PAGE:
Bright Angel Camp to Indian Garden
Another wonderful morning waking up to the sound of the flowing creek near our camp and the magnetic red rock all around us. We began our day early once again to maximize our time without direct sunlight. Our challenge for the day: An area known as “The Corkscrew”. After a hearty breakfast of pancakes and syrup, plenty of sugar for fuel, we began by crossing a suspension bridge across the mighty Colorado River. We had seen the creeks and other tributaries that feed into the Colorado. However, the Colorado’s power speaks for itself.
On the way up we pass an abandoned mine that brings back days long-ago when the canyon was mined for cooper and other valuable minerals. We continued up a winding series of switchbacks that comprise the “Corkscrew”. As you make your way up, the full majesty and scope of the Canyon becomes obvious. All obstacles to a full and complete view are removed and the natural wonder of this place becomes clear. The reality is this is not just one canyon, but many that combine together to create a very grand canyon. There are so many levels to the rocks, each foot encompassing ten thousand years of earth’s history (outdating human occupancy by more than two billion years). The Canyon has a way of right sizing even the biggest of egos by silently reminding us that we are not so important in the larger scheme of things.
At Indian Garden, we headed out to what is known as “The Plateau”. The Plateau has what is generally regarded as the most spectacular view of the Grand Canyon. You can see the trail to The Plateau from the South Rim. I had seen years before when I brought my mother here but never thought I’d actually be standing there. From The Plateau, it’s about seven miles down to the raging Colorado River. The only real noise you can hear is the Colorado and it’s rapids. While on The Plateau, I kept thinking to myself “if these rocks could talk!” I imagined the Native American ceremonies that took place here as well as the civilizations that pre-dated the cultures that we know of. People have lived here 15,000 to 20,000 years ago and we know nothing about them. To be standing temporarily on this sacred spot again reminded me of how small and irrelevant I am in the larger scheme of things. It reminded me to make the most of the very brief time I will present on this planet and hopefully make some minor contribution to making it a better place. Some stayed to watch the sunset, but I decided to head back to camp and get ready for the final day of hiking, almost straight up vertically on a series of switchback’s, all the way to the South Rim.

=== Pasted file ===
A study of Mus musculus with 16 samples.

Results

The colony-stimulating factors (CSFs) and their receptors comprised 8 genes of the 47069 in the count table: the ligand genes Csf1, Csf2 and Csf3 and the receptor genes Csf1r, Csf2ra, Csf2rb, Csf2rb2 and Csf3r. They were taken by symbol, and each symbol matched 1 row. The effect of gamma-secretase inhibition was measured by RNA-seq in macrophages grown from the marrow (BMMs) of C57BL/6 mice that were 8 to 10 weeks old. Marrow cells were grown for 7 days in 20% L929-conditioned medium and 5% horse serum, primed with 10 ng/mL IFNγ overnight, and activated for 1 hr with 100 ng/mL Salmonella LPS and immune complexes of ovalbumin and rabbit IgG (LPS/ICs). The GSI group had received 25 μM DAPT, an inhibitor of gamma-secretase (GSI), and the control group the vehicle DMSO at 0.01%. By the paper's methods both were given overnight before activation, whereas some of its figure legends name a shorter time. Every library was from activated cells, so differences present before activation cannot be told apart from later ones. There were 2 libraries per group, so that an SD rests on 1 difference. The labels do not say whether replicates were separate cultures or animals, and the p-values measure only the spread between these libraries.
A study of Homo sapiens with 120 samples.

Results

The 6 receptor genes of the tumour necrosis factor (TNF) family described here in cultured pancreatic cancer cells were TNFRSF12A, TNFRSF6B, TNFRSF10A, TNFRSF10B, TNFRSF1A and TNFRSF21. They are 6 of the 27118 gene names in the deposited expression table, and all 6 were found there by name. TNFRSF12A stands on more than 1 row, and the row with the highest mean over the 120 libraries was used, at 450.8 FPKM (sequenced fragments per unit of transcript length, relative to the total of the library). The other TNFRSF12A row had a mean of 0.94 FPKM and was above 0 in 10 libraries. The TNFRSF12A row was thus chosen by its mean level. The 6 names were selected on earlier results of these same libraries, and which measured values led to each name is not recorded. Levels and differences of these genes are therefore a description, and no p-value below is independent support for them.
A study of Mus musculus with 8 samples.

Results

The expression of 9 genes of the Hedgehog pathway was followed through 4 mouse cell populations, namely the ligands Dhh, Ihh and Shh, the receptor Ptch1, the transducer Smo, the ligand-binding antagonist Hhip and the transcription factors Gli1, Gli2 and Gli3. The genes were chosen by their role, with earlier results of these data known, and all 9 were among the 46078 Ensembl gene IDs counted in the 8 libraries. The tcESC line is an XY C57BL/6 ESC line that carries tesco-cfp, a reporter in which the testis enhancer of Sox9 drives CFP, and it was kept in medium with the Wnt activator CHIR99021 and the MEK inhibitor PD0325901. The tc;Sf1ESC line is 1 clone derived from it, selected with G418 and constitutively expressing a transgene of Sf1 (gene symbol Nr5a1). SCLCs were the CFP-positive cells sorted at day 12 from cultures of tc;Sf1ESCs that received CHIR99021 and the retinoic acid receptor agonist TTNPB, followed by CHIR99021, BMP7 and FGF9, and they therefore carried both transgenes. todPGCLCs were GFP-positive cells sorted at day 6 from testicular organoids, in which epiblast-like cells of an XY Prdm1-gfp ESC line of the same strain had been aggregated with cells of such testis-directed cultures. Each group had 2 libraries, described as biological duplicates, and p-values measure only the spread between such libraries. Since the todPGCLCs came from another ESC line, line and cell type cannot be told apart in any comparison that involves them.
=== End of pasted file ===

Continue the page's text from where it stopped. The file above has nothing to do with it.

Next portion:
As I laid in my tent that night, again watching the stars in the clear night sky above me, I came up with my gratitude list for the day. On my third day in the Canyon, I was grateful for: the privilege to spend time in such a miraculous place; the sense of comaraderie that had grown in my group; a father and son who I got to know very well that day who were hiking together and making a beautiful memory that neither would ever forget; my body permitting me not only to make my way up to Indian Garden, but to then head back down the Corkscrew to help another hiker who could not make it; the cool water of the creek that kept me from over-heating in the brutal mid-afternoon sun; and, anticipation of the day to come and accomplishing the hike without any concern that I would not be able to make it.